Shading coefficient for buildings
Shading coefficients can be used to describe the amount of solar heat that passes through a transparent or translucent material compared to the amount of solar heat that passes through a sheet of clear float glass with a total solar heat gain coefficient of 0.87 (i.e. a sheet of clear float glass 3 mm thick which has a shading coefficient of 1).
Solar transmittance is important for determining the solar heat gain into an enclosed space during sunny conditions. Solar heat gain can be beneficial in the winter, as it reduces the need for heating, but in the summer it can cause overheating.
The total solar heat transmittance is equal to the solar heat that is transmitted through the material directly, plus the solar heat that is absorbed by the material and then re-emitted into the enclosed space.
Shading coefficients can be measured using an illuminated hot box under simulated summer and winter conditions, and from these values, solar heat gain under a range of different conditions may be predicted using known data about solar heat gain through standard clear float glass.
This enables the behaviour of translucent or transparent materials to be predicted under different environmental conditions without having to measure the angular optical properties of every individual material.
Manufacturers are now moving towards the use of solar heat gain coefficients (SHGC) or window solar factors (g-values) rather than shading coefficients. These represent the fraction of incident solar radiation transmitted by a window, expressed as a number between 1 and 0, where 1 indicates the maximum possible solar heat gain, and zero, no solar heat gain.
 Related articles on Designing Buildings Wiki
- Code for Sustainable Homes.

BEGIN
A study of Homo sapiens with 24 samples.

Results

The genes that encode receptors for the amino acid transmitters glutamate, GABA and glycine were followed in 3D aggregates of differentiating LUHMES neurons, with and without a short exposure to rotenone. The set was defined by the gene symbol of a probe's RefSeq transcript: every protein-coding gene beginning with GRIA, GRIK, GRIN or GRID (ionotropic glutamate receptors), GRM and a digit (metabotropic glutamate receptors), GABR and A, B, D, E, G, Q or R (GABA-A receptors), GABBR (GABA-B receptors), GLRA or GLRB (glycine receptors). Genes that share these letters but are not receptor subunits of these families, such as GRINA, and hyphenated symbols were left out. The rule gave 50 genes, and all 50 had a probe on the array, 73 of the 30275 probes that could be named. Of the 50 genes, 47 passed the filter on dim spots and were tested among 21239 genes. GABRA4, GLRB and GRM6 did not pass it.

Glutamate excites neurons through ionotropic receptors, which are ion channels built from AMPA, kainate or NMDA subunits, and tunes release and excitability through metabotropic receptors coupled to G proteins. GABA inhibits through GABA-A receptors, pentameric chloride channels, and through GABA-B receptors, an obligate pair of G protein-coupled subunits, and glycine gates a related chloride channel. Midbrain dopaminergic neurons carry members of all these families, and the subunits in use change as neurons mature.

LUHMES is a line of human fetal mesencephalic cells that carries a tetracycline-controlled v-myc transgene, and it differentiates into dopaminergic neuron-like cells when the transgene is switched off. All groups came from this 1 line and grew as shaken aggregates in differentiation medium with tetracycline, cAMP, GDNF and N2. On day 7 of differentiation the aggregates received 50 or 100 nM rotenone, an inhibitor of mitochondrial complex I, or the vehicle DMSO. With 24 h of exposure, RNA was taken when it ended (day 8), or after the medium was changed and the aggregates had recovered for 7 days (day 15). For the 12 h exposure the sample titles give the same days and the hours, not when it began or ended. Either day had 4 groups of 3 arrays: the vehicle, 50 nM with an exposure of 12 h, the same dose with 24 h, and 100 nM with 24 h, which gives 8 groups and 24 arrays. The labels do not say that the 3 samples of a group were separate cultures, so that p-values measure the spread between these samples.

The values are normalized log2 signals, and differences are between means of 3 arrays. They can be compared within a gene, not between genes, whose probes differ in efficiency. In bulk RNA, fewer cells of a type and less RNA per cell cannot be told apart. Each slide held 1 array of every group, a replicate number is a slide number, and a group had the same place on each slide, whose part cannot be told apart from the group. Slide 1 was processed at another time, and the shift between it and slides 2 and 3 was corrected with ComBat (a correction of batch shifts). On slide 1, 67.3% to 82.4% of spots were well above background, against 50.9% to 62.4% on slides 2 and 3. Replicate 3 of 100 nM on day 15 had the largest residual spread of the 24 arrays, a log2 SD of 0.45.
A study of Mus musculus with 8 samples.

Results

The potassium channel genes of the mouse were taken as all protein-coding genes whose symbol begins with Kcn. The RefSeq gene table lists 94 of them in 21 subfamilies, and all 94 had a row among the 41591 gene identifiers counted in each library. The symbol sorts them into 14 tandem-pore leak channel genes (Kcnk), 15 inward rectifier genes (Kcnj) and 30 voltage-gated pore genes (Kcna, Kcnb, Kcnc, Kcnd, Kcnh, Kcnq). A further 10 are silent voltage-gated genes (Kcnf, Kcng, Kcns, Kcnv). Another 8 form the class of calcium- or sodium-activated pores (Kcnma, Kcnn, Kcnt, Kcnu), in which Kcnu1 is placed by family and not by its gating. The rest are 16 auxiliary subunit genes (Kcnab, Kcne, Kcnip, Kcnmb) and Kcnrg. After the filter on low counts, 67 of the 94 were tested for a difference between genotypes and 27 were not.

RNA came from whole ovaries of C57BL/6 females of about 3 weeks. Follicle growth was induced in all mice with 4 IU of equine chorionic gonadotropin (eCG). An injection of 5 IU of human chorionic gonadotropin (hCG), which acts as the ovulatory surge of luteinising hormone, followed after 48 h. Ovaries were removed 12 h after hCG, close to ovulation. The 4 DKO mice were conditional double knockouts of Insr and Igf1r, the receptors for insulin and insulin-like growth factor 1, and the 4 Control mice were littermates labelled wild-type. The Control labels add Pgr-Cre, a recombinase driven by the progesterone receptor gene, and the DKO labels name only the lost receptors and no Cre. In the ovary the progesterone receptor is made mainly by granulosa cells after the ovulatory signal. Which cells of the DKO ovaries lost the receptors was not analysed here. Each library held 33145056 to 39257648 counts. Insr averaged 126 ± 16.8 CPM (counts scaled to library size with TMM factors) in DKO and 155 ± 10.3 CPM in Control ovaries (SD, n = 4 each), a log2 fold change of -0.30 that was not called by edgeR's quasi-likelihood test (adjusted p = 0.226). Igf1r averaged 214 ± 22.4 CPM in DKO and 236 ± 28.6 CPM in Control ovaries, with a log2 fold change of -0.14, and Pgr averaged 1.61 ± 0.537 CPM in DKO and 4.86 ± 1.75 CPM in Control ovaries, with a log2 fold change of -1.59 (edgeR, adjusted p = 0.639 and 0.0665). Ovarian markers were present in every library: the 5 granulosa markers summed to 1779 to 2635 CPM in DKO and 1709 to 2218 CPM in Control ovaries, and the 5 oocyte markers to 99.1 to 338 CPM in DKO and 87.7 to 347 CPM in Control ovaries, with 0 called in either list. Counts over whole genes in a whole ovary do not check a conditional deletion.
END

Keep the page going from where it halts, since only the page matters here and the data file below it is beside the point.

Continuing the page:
- Computational fluid dynamics (CFD).
- Emission rates.
- Energy certificates.
- Environmental legislation.
- Green deal.
- Leadership in Energy and Environmental Design.
- Light shelf.
- Low-e glass.
- Solar heat gain coefficient.
- Solar reflectance index.
- Thermal bridge.
- U value.
- Zero carbon homes.
- Zero carbon non-domestic buildings.
Featured articles and news
Read about RSHP's British Museum extension which has been shortlisted for the 2017 Stirling Prize.
Read our introductory article to building a house extension.
More updates from DCMS about the large-scale testing of cladding systems and the number of buildings affected.
UandI secure resolution to grant planning consent for major new regeneration project.
IHBC article considers how heritage is dealt with when infrastructure schemes are authorised.
It was the tallest structure in the world for 3,800 years, but to this day the exact construction techniques are a mystery.
Shortlist for the industry's most coveted award announced.
Government responds to Mark Farmer's review of industry, rejecting the call for a levy on clients.
Peter Hansford to examine what wider lessons can be learned from the fire.
Every project is subject to uncertainty. How can construction better understand uncertainty for performance improvement?
MAD Architects reveal their designs for a futuristic campus for electric car manufacturer.
Homebuyers could borrow more with better forecasting of energy bills, according to industry consortium's new report.
Read our introductory article on carbon capture and storage.